Transforming practice with Power Of Reading lesson plans: a teacher's view.
I’ve been teaching for fourteen years and have lived through a whole plethora of Primary English teaching styles and schemes. I was inspired to write this review of the Power of Reading after reading Dylan Wiliam’s article ‘Teaching, not a research based profession’ in the TES. Wiliam writes: ‘The teacher with a growth mindset says: “What else can I try to help this student learn?”’. Although I’m an experienced classroom practitioner, this article resonated with me as I have met teachers along my teaching career who are constantly open to new methods of teaching, and I am also always striving to do better. The article made me think of the CLPE’s Power of Reading membership, with its comprehensive lesson plans and teaching ideas, which allow teachers to do just this and improve their literacy provision.
I teach at a small school called St Michael’s in East Sussex where I am a Senior Leader and a role model for good practice. As a teacher, I get inundated with flyers, brochures and leaflets in my current school promising improvements in English progress, and I generally ignore most of them and am suspicious of pre-written plans. However, about one year ago I joined Twitter and I began noticing the CLPE. A colleague then recommended the CLPE and I decided to give their lesson plans and teaching approaches a whirl.
Fast forward a year and I am now a keen advocate of the Power of Reading approach. My school has invested in Power of Reading resources, which is rather fortuitous as I had independently begun trialling the sample sequences within my own classroom. I did not have formal training with the CLPE for the Power of Reading, but was given access to the full range of lesson plans through its online membership. I was, however, also lucky enough to attend an ‘Inspiring Writers in Key Stage 2’ course in October 2018, which improved my use of the CLPE’s planning tenfold. I saw, first-hand, how the lesson plans could be interpreted, and l learnt how to incorporate high quality texts like Harry Miller’s Run by David Almond within my own Year 5/6 classroom.
This is my first year using CLPE planning and I have to say that I feel that my English teaching has greatly improved. I am more enthusiastic in my teaching, my pupils have become more engaged, and there is far more speaking, listening, vocabulary, drama, role-play, art and writing woven throughout my teaching. The lesson plans are detailed, and enable effective teaching to take place. Our pupils have all benefited from the experience.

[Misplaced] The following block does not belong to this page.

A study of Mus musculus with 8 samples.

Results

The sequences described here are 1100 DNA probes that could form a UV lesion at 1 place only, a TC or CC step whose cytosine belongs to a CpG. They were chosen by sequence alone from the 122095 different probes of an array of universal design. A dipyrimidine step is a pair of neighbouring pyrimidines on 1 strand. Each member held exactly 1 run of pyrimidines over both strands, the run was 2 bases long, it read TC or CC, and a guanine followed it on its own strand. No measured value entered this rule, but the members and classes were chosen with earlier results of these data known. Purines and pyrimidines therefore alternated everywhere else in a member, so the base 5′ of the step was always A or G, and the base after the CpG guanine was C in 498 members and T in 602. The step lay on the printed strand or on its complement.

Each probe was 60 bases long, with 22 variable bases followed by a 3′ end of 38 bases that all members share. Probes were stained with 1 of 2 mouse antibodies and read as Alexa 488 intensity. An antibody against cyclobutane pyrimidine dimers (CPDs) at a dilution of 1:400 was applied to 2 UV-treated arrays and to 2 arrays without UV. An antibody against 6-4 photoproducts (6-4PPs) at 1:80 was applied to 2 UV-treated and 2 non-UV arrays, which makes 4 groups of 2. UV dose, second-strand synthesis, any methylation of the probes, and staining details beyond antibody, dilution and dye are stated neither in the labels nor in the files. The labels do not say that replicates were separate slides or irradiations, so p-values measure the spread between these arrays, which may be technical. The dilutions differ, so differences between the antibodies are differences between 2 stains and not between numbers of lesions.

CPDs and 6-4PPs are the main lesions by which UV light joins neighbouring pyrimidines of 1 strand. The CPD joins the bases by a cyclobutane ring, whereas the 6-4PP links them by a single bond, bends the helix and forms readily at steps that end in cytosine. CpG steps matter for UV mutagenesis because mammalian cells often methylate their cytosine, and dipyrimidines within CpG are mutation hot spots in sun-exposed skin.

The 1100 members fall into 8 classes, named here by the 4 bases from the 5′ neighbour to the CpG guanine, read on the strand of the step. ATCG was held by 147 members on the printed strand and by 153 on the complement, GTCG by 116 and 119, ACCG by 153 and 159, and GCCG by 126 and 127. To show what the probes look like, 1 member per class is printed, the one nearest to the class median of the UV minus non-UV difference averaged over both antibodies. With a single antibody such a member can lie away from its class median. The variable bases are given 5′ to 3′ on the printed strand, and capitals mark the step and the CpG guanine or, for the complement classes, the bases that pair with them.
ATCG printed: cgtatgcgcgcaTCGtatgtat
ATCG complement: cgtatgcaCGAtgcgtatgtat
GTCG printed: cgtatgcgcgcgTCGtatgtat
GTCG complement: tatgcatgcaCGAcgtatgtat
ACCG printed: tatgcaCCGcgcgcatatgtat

So far I have used the CLPE’s Power of Reading lesson plans for: Skellig by David Almond, Shackleton’s Journey by William Grill, Jemmy Button by Valerio Vidali, Wolf Brother by Michelle Paver and The Viewer by Gary Crew. The planning has saved me hours of my own time and I am able to focus on creating memorable and engaging English lessons for my pupils. The plans have allowed for writing opportunities which even my most reluctant writers have enjoyed. The Power of Reading has created so many opportunities to enable pupils to write without it feeling like a chore. Like every other lesson plan, I make sure I adapt them to make teaching relevant for my whole class, but the CLPE plans and resources are robust, and allow room for interpretation and application, and I have not had to edit huge parts of them.
I wanted to share my experiences of Power of Reading as I have had a brilliant year teaching English thanks to the CLPE and their creative teaching ideas and plans. The CLPE recommended books have also meant that children in my class are now more likely to be reading the books I’m teaching in class too. For anyone interested in progress, the CLPE has been successful in raising the attainment levels in my class. All children have already met or exceeded their writing targets already and are actively enjoying English lessons.